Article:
China Defends ‘Big Data’ Human Rights Violations: They Target All Ethnicities, Not Just Uighurs

This photo taken on June 4, 2019 shows the Chinese flag flying over the Juma mosque in the restored old city area of Kashgar, in China's western Xinjiang region. - While Muslims around the world celebrated the end of Ramadan with early morning prayers and festivities this week, the recent …
GREG BAKER/AFP/Getty Images)

Beijing dismissed on Tuesday U.S. assertions that it is using technology to violate human rights in Muslim Uighur-majority Xinjiang province, arguing that its “big data” efforts allegedly aimed at improving “social governance” target everyone “irrespective” of nationality in an op-ed published by the state-run China Daily.

China Daily’s editorial argues:

Certain countries, including the United States, ignore the significant progress made in Xinjiang’s anti-terrorism campaign, perhaps because they prefer to see turmoil in the region. Claiming that China uses big data to violate the human rights of minority ethnic groups in Xinjiang, these countries have threatened to sanction Chinese technology companies that have taken part in Xinjiang’s modern governance.

Contrary to the US’ practice, China mainly applies big data [efforts in Xinjiang] irrespective of the nationality of those monitored in a bid to counter the threat posed by East Turkestan Islamic Movement [ETIM] terrorists. Besides, the global trend is to use advanced technology to improve social governance.

ETIM refers to a Taliban and al-Qaeda-linked jihadi group known to train and operate in the Afghanistan-Pakistan region that borders Xinjiang.

U.S. President Donald Trump’s administration is considering blacklisting China’s largest surveillance and detention technology companies, namely Hikvision, known for its activities in Xinjiang, reportedly home to hundreds of “re-education” camps where imprisoned Uighur minorities are forced to renounce their religion in favor of communism.

China claims its mistreatment of Muslims is making Xinjiang safer. Beijing is even promoting tourism to Xinjiang, home to what the U.S. and survivors have described as “concentration camps” holding up to three million mainly Uighur Muslims.

The editorial attributes China’s so-called anti-terrorism success largely to the “rapid development of science and technology … big data in particular.”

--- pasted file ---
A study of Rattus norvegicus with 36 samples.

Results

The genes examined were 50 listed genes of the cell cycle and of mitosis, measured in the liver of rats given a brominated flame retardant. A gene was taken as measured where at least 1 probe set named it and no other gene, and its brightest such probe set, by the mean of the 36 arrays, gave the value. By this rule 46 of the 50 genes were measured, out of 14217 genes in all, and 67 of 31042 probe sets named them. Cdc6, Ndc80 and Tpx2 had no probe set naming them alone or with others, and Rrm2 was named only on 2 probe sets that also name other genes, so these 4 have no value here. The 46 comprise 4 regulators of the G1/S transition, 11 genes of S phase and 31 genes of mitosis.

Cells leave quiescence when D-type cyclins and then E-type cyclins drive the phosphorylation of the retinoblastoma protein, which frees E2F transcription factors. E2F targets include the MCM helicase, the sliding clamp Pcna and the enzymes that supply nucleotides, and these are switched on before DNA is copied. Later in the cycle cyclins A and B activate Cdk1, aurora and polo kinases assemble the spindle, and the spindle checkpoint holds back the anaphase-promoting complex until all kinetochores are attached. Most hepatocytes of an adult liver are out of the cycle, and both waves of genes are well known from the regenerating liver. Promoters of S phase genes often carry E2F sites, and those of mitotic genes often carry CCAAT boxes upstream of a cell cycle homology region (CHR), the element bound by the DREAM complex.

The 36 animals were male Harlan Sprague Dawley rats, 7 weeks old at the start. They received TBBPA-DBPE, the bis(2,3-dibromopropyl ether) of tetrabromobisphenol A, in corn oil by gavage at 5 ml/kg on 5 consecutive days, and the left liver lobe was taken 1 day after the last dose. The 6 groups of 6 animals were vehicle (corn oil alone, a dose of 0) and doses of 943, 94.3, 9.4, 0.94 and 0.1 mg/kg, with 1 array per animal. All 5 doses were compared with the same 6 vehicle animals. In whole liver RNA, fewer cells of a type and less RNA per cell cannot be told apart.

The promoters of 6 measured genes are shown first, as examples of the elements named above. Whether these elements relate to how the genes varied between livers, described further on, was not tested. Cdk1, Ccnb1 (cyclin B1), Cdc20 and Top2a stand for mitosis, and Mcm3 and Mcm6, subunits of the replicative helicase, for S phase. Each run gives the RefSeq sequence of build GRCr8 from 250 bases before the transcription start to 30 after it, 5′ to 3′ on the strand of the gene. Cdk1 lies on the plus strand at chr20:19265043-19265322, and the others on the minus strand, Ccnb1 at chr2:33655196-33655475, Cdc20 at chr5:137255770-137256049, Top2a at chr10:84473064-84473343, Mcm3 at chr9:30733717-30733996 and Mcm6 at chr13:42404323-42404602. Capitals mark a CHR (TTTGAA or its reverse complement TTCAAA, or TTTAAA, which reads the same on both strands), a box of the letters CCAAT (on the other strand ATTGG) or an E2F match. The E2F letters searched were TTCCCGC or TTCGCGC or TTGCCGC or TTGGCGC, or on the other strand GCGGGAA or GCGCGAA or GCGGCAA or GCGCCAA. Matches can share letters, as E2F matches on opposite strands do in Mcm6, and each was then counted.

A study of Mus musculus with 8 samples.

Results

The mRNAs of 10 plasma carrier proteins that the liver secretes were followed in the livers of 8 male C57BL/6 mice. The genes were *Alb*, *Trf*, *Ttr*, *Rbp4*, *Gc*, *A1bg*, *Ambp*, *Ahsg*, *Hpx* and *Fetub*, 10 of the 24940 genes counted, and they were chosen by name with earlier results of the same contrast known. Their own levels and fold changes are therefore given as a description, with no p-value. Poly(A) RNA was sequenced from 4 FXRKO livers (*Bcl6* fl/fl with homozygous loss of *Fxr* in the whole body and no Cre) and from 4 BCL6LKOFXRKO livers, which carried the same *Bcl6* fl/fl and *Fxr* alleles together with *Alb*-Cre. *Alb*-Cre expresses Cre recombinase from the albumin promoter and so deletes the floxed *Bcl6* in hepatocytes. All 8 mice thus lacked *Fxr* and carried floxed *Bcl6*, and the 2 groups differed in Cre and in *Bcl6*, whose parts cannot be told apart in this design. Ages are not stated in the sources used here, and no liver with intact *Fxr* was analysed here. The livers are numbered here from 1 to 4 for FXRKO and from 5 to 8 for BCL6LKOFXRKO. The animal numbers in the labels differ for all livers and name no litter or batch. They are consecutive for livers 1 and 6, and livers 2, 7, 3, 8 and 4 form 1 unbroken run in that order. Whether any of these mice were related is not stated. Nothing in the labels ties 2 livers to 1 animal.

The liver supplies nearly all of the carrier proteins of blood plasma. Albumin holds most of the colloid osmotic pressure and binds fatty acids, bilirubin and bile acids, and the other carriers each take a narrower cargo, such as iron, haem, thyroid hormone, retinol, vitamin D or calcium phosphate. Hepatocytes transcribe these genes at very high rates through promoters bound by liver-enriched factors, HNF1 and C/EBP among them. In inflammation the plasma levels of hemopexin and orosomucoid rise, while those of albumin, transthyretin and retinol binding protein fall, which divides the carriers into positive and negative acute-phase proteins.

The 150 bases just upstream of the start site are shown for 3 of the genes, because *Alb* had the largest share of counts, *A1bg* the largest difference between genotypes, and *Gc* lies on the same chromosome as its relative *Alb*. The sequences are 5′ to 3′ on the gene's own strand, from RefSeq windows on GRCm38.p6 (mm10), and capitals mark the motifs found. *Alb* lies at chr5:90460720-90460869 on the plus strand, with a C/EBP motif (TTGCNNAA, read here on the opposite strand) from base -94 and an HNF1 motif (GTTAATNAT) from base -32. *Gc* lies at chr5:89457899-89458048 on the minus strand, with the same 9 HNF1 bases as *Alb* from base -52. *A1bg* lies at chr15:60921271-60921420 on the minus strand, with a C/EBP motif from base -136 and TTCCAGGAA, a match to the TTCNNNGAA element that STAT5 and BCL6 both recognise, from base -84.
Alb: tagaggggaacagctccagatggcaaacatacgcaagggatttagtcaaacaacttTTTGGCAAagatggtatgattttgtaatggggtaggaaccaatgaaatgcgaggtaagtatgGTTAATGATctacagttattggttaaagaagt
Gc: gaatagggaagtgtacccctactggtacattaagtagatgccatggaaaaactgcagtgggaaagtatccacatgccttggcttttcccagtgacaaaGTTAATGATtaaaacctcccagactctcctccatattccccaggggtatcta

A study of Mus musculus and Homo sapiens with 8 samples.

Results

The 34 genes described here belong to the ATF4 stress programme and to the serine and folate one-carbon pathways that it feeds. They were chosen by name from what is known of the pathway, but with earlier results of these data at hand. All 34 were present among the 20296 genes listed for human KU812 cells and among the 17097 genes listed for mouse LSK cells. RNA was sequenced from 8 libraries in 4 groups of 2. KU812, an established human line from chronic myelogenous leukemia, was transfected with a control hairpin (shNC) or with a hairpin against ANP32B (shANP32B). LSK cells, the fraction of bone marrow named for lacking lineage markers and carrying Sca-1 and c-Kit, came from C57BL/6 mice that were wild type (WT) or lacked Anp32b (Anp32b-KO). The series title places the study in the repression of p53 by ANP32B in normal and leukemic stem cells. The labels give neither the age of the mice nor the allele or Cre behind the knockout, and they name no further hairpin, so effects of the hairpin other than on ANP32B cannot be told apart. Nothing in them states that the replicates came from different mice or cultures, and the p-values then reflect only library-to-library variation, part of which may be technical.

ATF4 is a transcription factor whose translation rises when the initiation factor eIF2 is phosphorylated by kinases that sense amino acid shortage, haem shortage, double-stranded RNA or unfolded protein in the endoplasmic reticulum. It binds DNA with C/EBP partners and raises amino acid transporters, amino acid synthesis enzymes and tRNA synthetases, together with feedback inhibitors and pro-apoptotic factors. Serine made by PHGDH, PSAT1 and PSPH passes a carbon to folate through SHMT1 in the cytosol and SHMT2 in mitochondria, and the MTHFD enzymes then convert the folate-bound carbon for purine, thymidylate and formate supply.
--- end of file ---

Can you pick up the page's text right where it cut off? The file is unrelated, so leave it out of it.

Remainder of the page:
China Daily boasts that, although jihadis fleeing Iraq and Syria following the fall of their “caliphate” this year are allegedly seeking refuge in Xinjiang, “no terrorist cases have been reported [in the region] in the past two years.”

Thousands of Uighur jihadis did allegedly travel to Iraq and Syria to join terrorist groups like the Islamic State (ISIS/ISIL). China has repeatedly justified its Muslim crackdown as an effort aimed at combating extremism, terrorism, and separatism among Uighurs.

The U.S. government has blasted Chinese efforts against Muslim minorities in Xinjiang. In the province, China’s most enormous, Beijing is reportedly subjecting up to three million Uighurs and other Islam adherents to extrajudicial incarceration, torture, communist indoctrination, forced labor, and the renunciation of their faith and native language, among other human rights abuses, inside the internment facilities.

U.S. officials have also denounced China’s overall oppression of its predominantly Muslim Uighur minority, indicating that communist authorities in Xinjiang have constructed what amounts to a police state through “extensive and invasive security and surveillance, in part to gain information regarding individuals’ religious adherence and practices.”

Several news outlets and human rights groups have acknowledged that China is using high-tech surveillance tactics to closely monitor its Uighur minority. China is even exporting its surveillance technology to other authoritarian regimes.

China Daily defended China’s practices in Xinjiang, arguing that they target everyone, not just Uighurs and other Muslim minorities.